John Hirschbeck tried to pick a fight with Yasiel Puig


In the fifth inning, Yasiel Puig struck out. Strike two was a bad call. After the call and after the strikeout, Puig didn’t say a word to home plate umpire John Hirschbeck. He rolled his eyes and showed some displeasure as he walked, but barely turned his head.  No biggie, right? Small beer in the grand scheme of players being upset at umpires’ calls?

Except then Hirschbeck ripped off his mask and yelled at Puig, apparently trying to goad him into an angry reaction.

source: Getty Images

Why are umps allowed to jaw at players and managers? If the player gets out of line, sure, eject them. But when someone merely rolls their eyes or notes his disapproval with a call — and when the player is all the way back to the dugout — why shouldn’t the ump be expected to keep doing his job and ignore it? What possible reason does Hirschbeck have for staring down Puig like this?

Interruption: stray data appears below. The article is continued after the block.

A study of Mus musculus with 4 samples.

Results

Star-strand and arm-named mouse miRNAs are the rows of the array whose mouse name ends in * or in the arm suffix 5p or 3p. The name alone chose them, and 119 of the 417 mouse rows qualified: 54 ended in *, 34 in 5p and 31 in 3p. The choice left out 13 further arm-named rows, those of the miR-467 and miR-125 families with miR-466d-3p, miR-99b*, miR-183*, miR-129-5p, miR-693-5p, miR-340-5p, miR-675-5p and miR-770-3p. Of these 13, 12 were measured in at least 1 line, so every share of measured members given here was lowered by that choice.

It has nothing to do with his authority being undermined. Indeed, by not reacting at all to the player, the umpire would be showing him that his authority is not even subject to being questioned.

Maybe that’s harder than it sounds, but it’s what the goal should be.

Diamondbacks, T.J. McFarland avoid arbitration


McFarland, 29, was terrific out of the bullpen for the D-Backs last season, finishing with a 2.00 ERA and a 42/22 K/BB ratio in 72 innings. While the lefty may not miss a lot of bats, he does induce quite a few grounders. His 67.9 percent ground ball rate last season was the third highest among relievers with at least 50 innings, trailing only Brad Ziegler (71.1%) and Scott Alexander (70.6%).

McFarland was dominant against left-handed hitters, limiting them to a .388 OPS last season, but the D-Backs deployed him nearly twice as often against right-handed hitters, who posted an aggregate .764 OPS against him. It will be interesting to see if the club decides to use him more as a platoon reliever in 2019.